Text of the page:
Death and dying are central to our past, present, and future as a profession. The Gospel of John says: “Unless a grain of wheat dies and falls into the ground it remains only a single seed; but if it dies, it provides more seeds.” The PA profession was born on a field of blood and has proven its merit during its first 20 years: most PAs were military-trained medics and corpsmen and having learned their skills in combat, were committed to excellence. They followed orders and were quick and proficient. By the arrival of their second decade, PA programs were expanding their educational range. We went from being “accepted providers” to “legitimately trained providers” by scholarly leaders who led us to higher and higher levels of achievement with a master’s degree and now, a doctorate of health science degree. We have faced numerous challenges, among them our need to prescribe and authority to establish specialty groups. We have spent 30 years wrestling with our public identity and have, thus far, been largely unsuccessful. In the early days of the COVID-19 pandemic, PAs felt thwarted and constrained.
This current attack on our health care system has exposed old, entrenched realities but also offered new promises for the future with successful expansion in privileges. Our need is to prove that what has been done in a crisis can save health care for the future.
The pandemic has brought forth apocalyptic fear for many Americans, while exposing grave weaknesses in our health care infrastructure. Health care providers have suffered from insufficient PPE. There were too many administrators with N-95 masks. Federal supplies were promised but did not arrive. Nursing homes became “death traps” for our honored elderly and criminal acts have been alleged. Anti-telemedicine was debated (on state and national levels) but finally acknowledged as an important protocol for our new world. Telemedicine is here to stay. But most critically, the nation now realizes the vital importance of our PA workforce to fight in ICUs and other specialty areas. A new birth has begun.
Many states have set aside their restrictive laws for PAs and welcomed them into health care systems to function uninhibited with prescribing authority. Governors of the nation stood behind the PA profession; suddenly, we were no longer invisible. Licensed PAs were granted cross-state authority to practice in other states than their own. And talk about lateral mobility: dermatology PAs became ICU PAs. Everyone became savvy with ventilator care and though there was a problem getting ventilators, many states started sharing theirs. There were not enough ICUs and hospital beds, but the federal government sent two ships and the military started setting up military hospitals in tents, in abandoned buildings, in schools and stadiums. FEMA did an excellent job. Military PAs, nurses, technicians, and physicians all did their part.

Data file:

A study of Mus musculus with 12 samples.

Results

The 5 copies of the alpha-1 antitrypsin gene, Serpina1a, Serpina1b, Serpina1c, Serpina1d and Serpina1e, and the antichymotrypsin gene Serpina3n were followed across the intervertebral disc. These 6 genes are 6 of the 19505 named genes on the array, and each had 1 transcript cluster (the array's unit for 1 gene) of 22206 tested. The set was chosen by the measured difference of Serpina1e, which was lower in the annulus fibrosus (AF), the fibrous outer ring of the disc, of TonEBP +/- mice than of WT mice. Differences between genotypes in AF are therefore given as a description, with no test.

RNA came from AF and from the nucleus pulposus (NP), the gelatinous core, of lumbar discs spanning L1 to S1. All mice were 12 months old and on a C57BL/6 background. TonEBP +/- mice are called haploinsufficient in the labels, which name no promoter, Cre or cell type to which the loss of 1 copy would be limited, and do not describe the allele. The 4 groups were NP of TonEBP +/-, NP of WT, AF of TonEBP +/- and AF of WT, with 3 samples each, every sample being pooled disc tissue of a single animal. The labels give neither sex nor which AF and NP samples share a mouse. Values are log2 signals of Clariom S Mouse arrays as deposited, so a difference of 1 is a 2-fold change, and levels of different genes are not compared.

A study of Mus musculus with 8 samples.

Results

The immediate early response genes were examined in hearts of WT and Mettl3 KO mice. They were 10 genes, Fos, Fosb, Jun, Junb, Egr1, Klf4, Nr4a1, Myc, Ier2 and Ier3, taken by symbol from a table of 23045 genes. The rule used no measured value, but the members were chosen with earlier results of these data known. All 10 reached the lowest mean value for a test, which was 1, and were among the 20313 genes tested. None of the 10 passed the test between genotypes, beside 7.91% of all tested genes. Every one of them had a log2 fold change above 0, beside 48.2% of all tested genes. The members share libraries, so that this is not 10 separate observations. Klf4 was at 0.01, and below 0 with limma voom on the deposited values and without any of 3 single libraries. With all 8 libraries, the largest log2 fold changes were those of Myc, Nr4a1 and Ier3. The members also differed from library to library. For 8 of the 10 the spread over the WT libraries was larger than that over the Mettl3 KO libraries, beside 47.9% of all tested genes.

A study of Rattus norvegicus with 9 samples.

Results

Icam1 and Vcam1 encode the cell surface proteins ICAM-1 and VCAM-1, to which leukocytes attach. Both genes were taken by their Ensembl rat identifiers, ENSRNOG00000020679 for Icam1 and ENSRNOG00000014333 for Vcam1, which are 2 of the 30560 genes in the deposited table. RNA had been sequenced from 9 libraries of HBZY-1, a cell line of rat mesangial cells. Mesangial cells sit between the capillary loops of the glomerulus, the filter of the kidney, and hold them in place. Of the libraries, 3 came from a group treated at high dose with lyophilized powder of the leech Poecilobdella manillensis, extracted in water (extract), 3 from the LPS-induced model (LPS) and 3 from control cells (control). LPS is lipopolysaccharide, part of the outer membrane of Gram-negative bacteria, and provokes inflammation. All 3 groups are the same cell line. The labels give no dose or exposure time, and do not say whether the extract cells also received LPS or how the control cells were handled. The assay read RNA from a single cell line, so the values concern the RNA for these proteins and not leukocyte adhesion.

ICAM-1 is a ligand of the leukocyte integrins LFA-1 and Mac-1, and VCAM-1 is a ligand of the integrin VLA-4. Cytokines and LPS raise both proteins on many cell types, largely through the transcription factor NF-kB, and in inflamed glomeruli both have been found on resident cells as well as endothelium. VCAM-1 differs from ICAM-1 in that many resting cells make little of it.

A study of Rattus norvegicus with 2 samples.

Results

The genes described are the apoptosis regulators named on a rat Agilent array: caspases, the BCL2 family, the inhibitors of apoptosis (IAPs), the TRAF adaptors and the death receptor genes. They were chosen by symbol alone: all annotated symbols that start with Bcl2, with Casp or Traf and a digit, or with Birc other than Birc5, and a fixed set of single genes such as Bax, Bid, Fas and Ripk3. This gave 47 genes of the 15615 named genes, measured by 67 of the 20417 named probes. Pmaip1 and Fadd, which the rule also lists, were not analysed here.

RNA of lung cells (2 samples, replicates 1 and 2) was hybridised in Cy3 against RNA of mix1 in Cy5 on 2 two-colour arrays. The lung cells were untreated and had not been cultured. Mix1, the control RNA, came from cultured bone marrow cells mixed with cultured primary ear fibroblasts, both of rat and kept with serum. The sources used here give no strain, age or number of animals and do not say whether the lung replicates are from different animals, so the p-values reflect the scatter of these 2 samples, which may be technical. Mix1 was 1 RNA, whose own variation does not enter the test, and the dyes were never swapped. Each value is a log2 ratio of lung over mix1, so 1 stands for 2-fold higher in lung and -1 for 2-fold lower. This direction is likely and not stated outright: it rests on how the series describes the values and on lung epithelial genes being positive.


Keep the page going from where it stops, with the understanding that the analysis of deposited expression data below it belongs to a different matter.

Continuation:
There has been a new birth of hospitalist and critical care PAs. PA students became licensed in states before graduation — and state-to-state reciprocity has happened. PAs, like all medical professionals, have experienced the total exhaustion — akin to war zones with mass causalities — from the exponential explosion of COVID-19 cases.
In this crisis, America’s PAs have rediscovered their mission, pride, strength and boundless skills, becoming the ultimate professionals which, they have always been.
What else have PAs learned? We have discovered that we can fall victim to broken promises. During this pandemic, many PAs traveled from other states (particularly when they were excessed at their last place of employment) and were promised by agencies that they could go to places like NYC and fight the disease for $150.00 an hour. When poverty knocks on our front door, this is an exciting prospect, and many are the stories of PAs who discovered that it was just another ploy. Many PAs, NPs, and physicians were lured to other states that were experiencing a crisis to understand that their malpractice insurance was taken care of and that they could not be sued for their services during the pandemic. The reality is and was, that they are most often covered by limited liability insurance which falls short of the promise of blanket security. Limited liability insurance is not too helpful if you lacked the professional expertise that was required for your care of a patient. In a pandemic, everyone is asked to work beyond their present scope of training, and most do so very well — but in the life and death drama of patient care, the liabilities can be enormous, and some errors may result in death.
Every health care provider needs to realize that in a few months many families will no longer remember the smiling or compassionate face of their HCP but may well seek restitution for a life lost or the next decade in an extended care facility. Do you know for certain that you are properly protected? Or are you in for a dark, rude awakening? You can contact your national association and speak to their insurance department who will check with providers. If we own our own malpractice insurance policy that has been vetted for its strength and quality and endorsed by our organization, we need not be fearful.